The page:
A fine example of Balbir Singh Senior‘s dedication came during the 1956 Olympics when he took the field against Pakistan in the men’s hockey gold medal match. Also Read - Lockdown Gave me The Chance to Hit The Pause Button: Kothajit Singh
The three-time Olympic gold medallist Balbir died on Monday morning at a Mohali hospital, aged 96. Also Read - Hockey Teams Focussing on Strength Training During Stay at Home
Balbir had to sit out most of the campaign after picking up an injury but returned for the semi-final clash against Germany which India won 1-0 and were just one step away from completing a hat-trick of Olympic gold medals. Also Read - Hockey: India Women's Team Captain Rani Rampal Reveals Her Only Craving During Coronavirus Lockdown
Ahead of the final clash, Balbir took pain-killing injections, recalls former India footballer Tulsidas Balaram who was part of the team that finished a historic fourth at the 1956 Summer Games.
“India (were) pitted against Germany in the hockey semi-finals at the majestic Melbourne Cricket Ground (and) our captain (Singh) led from the front as India won by a solitary goal to set up a clash of titans against Pakistan in final,” Balaram wrote on All India Football Federation’s website.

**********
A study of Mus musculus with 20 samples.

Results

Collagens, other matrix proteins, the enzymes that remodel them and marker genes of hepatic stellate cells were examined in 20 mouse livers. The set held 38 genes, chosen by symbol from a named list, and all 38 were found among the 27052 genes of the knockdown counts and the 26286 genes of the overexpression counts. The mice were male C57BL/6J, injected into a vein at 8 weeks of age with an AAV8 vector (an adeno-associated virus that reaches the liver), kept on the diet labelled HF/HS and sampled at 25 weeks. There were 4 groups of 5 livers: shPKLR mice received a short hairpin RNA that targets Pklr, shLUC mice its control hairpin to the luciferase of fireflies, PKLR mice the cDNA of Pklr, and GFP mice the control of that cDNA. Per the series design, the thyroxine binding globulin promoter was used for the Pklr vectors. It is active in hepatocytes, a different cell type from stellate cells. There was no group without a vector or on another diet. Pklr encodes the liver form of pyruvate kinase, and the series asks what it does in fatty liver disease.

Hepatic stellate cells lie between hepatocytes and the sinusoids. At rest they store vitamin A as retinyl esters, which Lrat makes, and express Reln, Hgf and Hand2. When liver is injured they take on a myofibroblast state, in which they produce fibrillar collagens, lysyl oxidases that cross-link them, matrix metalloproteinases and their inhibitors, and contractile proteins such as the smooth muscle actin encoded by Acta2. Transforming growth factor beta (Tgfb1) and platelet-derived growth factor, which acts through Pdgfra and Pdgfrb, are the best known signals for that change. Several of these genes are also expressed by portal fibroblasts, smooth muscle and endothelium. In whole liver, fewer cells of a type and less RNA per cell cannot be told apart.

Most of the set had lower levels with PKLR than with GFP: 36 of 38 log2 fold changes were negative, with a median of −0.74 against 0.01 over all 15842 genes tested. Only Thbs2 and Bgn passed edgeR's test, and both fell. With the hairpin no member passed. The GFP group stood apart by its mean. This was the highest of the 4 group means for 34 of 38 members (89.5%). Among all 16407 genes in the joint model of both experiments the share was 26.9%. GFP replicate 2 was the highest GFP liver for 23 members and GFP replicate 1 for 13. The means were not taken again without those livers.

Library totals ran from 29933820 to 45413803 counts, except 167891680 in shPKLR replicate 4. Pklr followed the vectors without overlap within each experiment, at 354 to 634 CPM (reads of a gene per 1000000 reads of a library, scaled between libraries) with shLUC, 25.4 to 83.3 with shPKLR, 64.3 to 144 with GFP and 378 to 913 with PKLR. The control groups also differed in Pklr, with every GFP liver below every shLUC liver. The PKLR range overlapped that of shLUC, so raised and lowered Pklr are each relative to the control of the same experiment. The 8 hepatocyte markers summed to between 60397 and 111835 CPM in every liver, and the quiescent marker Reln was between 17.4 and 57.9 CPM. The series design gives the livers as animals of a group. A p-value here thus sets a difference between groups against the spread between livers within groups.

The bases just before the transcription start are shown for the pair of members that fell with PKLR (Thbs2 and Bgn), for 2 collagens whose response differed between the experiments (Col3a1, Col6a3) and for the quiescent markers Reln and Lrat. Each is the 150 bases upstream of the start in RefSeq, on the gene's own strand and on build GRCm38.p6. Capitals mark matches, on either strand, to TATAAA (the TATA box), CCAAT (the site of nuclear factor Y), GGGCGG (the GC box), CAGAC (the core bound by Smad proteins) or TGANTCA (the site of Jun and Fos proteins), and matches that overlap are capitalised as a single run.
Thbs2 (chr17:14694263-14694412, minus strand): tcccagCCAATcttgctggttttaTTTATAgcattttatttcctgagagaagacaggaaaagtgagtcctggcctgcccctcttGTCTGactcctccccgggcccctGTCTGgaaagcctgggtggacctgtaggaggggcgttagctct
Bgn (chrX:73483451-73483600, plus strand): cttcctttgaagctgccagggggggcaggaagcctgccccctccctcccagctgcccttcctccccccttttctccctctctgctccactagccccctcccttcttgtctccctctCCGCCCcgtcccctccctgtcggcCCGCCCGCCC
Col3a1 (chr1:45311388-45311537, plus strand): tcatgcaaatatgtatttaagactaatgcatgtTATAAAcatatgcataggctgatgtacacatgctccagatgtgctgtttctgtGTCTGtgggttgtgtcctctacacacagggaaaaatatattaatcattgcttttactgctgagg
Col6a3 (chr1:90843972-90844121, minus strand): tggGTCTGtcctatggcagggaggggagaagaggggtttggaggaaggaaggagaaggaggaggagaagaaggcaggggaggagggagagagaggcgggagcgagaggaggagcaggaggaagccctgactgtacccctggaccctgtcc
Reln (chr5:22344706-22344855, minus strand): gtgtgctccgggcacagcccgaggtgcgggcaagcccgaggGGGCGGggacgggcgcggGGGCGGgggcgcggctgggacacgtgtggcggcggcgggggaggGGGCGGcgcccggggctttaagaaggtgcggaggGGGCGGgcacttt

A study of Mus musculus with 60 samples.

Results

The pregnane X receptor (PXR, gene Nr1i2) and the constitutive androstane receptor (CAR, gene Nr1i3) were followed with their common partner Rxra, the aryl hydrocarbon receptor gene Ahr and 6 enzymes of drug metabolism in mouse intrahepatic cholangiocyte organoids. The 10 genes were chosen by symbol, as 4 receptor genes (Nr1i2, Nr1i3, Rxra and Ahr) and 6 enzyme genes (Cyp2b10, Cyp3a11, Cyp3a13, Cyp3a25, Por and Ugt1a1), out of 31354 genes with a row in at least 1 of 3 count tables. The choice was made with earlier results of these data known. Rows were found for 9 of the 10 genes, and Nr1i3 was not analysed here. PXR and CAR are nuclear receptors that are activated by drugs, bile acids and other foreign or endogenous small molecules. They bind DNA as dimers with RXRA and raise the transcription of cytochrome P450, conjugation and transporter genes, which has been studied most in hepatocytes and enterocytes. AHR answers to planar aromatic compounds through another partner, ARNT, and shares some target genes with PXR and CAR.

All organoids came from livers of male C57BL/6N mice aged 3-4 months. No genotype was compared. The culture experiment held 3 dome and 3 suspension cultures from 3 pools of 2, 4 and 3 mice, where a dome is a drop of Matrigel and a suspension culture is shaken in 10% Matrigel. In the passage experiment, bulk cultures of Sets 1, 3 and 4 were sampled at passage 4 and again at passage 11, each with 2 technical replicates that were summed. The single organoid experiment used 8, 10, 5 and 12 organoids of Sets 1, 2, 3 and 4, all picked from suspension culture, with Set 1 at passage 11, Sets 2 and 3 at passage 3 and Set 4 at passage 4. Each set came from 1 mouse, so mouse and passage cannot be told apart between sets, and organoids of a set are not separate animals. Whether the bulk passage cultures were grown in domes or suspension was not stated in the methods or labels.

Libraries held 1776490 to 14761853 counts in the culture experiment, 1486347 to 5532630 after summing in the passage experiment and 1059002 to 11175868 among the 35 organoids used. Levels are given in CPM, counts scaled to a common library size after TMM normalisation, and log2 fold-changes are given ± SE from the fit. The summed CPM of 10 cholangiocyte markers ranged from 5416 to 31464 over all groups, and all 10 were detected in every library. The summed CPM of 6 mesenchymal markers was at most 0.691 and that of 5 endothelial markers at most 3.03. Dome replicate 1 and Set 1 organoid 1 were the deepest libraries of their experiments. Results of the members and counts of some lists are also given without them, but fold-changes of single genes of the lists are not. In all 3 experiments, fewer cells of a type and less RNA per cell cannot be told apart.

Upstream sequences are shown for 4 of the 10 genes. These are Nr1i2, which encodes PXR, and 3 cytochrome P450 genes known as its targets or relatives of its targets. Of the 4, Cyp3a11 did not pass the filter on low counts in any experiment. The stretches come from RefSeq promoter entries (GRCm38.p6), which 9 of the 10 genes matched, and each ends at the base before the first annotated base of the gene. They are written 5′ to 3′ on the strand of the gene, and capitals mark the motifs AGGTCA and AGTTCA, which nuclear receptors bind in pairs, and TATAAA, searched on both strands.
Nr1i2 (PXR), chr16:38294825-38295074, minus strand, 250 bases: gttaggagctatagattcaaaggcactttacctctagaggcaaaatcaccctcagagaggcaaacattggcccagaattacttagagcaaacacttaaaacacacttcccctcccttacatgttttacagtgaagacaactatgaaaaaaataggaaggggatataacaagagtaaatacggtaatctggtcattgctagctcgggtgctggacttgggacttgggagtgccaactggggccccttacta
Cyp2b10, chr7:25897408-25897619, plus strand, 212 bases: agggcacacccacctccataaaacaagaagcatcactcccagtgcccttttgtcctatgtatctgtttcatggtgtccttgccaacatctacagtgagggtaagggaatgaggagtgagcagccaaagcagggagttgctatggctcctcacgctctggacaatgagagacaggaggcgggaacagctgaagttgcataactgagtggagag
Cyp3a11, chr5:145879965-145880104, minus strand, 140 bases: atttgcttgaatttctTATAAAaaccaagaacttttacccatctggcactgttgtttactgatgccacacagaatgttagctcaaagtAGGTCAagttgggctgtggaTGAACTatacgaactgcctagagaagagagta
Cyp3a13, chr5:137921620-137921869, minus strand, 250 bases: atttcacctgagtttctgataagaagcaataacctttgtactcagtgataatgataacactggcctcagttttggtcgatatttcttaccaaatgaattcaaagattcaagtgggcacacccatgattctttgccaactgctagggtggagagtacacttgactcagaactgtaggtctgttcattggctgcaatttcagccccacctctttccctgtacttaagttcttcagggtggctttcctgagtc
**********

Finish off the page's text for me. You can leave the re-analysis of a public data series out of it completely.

“After bowing out in 1948 and 1952, Pakistan finally reached the final and they were desperate to end India’s monopoly. It was nerve-wracking, and the entire Indian contingent was feeling it,” he added.
India went on to beat Pakistan 1-0 to claim a third straight gold.
“…so many memories from 1956 Olympics … especially the manner he (Singh) rose above everything as India defeated Pakistan in the final. Balbir-paaji’s dedication was heroic. He came out with a plaster on his finger and took pain-killer injections before the match,” Balaram wrote.
For Balaram, Balbir was unlike any other sportsperson.
“He (Singh) was a culmination of many. In my entire sporting career, I have hardly seen another sportsperson as disciplined, dedicated, and honest as him. His athletic build complemented his agility. His turn, precision and ability to generate pace from nowhere was above all,” he wrote.
The 84-year-old Balaram said during the 1956 Olympics, the Indian contingent stayed at one corner of the Games Village. Due to the proximity of their respective grounds, the football and hockey players sometimes trained together.
“As an ardent hockey follower since my childhood, I got a bit star-struck in the Games Village seeing Balbir Singh, Leslie Claudius, Shankar Lakshman, Ranganathan Francis, Amir Kumar and many more,” he said.
He continued, “Everyone in the team was not just a player, but an elegant artist! The coordination between Udham Singh and Balbir Paaji was terrific and even as the hockey team began its campaign, Balbir-paaji’s fiver against the Netherlands in the previous Olympics (1952 Helsinki) final was still going around like a fairy tale.”